The end of the year has always been one of the most hectic times for business owners. Moving forward into the new year, it's always a good exercise to thoroughly assess your financials and your tax options, enabling you to get a realistic picture of how the business performed - and what changes you might want to implement for future growth - in other words, preparing your business for 2023.
The end of the year is always a busy time for business owners. I tell my clients that tax planning is one of the most important activities to schedule in the last quarter of the year. That has never been more true than at the end of the second full year of pandemic and shifting business conditions. Solid year-end tax planning helps you know where you stand in 2021 and how to prepare for 2022.
Most business owners are familiar with financial planning. It makes sense to formulate a vision for your personal or company goals and how to achieve them. Financial planning deals with how resources are acquired and leveraged to reach those goals. Strategic tax planning, though different, is just as important. Strategic tax planning should go hand-in-hand with financial planning.
Unless your industry was one of the few that were helped by the 2020 pandemic, your small business has likely experienced financial and other difficulties and may still struggle. With all the economic upheaval, social movement, government programs, executive orders, and administrative changes still going on, it may be difficult to estimate your company’s 2021 budget needs and expectations.
The end of one year and the beginning of the next should always prompt small business owners to think about their business resolutions for the coming year. This is true for 2021 more than any other recent year, after enduring what 2020 brought. These six resolutions not only apply to most small businesses for the coming year but are useful for years to come.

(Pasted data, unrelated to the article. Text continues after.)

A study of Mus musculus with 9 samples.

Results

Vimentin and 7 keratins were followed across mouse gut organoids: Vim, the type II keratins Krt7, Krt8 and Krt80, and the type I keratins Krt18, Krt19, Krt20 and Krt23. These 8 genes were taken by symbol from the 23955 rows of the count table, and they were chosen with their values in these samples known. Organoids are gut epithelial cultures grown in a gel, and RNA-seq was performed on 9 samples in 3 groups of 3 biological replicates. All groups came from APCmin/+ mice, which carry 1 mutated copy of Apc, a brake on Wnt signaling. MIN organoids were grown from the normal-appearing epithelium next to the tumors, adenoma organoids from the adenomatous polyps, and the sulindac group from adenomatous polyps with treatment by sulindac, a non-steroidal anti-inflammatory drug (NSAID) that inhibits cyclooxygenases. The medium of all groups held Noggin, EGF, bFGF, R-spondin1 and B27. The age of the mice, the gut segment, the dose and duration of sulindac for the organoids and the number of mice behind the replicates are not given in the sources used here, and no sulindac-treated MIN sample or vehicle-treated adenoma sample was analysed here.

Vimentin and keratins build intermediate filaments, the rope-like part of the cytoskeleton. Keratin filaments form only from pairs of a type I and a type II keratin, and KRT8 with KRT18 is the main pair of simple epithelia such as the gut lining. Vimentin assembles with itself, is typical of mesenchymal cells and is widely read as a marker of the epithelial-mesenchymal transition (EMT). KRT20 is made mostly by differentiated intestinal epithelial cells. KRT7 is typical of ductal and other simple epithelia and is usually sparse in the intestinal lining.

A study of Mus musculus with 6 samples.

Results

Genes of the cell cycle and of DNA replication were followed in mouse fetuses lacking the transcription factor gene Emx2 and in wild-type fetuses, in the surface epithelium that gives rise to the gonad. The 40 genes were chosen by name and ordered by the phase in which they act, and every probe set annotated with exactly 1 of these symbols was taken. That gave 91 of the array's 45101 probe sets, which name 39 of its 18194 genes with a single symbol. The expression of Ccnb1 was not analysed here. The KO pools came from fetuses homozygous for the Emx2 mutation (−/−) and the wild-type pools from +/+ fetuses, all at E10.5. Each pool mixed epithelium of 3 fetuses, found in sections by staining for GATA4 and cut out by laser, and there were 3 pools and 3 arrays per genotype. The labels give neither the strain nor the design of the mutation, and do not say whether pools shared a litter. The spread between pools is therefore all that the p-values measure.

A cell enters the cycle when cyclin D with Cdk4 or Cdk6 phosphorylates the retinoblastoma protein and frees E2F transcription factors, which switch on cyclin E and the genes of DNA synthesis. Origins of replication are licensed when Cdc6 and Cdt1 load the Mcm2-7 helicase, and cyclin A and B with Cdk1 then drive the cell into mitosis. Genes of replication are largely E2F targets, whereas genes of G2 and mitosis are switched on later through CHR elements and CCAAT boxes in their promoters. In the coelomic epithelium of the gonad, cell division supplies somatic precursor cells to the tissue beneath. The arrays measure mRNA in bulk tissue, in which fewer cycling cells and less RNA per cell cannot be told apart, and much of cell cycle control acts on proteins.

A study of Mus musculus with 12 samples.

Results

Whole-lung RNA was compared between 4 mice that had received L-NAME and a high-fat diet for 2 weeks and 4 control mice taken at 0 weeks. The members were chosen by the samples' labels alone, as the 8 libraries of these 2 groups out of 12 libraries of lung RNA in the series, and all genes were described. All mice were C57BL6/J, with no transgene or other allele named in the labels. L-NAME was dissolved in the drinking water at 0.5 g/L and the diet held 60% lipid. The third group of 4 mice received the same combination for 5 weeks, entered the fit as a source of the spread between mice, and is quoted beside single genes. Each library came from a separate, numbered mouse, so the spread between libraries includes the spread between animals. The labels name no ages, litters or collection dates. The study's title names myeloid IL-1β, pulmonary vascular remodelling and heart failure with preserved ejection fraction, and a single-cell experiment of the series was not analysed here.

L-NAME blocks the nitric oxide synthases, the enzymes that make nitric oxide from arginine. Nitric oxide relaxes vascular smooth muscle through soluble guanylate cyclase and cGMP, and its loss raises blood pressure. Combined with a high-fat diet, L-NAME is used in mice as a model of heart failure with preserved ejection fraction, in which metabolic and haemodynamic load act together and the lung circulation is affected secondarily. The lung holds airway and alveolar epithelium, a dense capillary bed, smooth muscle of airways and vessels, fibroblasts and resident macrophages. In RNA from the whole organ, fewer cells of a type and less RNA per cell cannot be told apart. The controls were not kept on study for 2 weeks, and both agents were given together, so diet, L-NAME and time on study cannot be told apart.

Your business has undoubtedly been affected by the COVID pandemic. If it was once prosperous and viable, it can one day again be successful, even in a future which may never go back to “normal.” Pivoting is returning to a business model that existed during your startup to make possibly large or extreme adjustments to accommodate new growth or a changing external business environment. In the case of COVID-19, the business environment is almost alien, and to survive and thrive, pivoting to embrace and make changes is necessary.
The world of business has changed in ways that were unimaginable just a few months ago. The change has been coming for a long time. Still, with the recent pandemic, quick advances in the virtual office, sales, meetings, customer service, and other aspects of doing business have been thrust upon large and small companies alike throughout the globe. While this brought many technical and procedural challenges, it’s also changed the nature of business overhead costs.
What does the future hold for your small business finances? Positive cash flow is crucial for maintaining business operations and paying employees. If you don’t manage your finances appropriately, you risk cash shortages to pay your expenses when sales slow down. Fortunately, there’s a way to help you see ahead to prevent these issues and help your business grow. Here’s how you can predict a cash shortage and prevent it from affecting your business.
One question I pose to small business owners: "Do you have a six-month cash flow projection?" If not, you may have a difficult time determining how successful your business will be during this COVID-19 pandemic. A projection helps you maintain the relationships you have with loyal customers. It prevents the many problems resulting from a lack of cash.
As the economy slowly begins to recover from COVID-19 lockdowns, I talk with small business owners who are rethinking their business model. Now, more than ever is the time for all small business owners to engage in a new kind of planning; new ways of monitoring and projecting cashflow; including new models of business. Thinking outside the box - and planning differently - are the keys.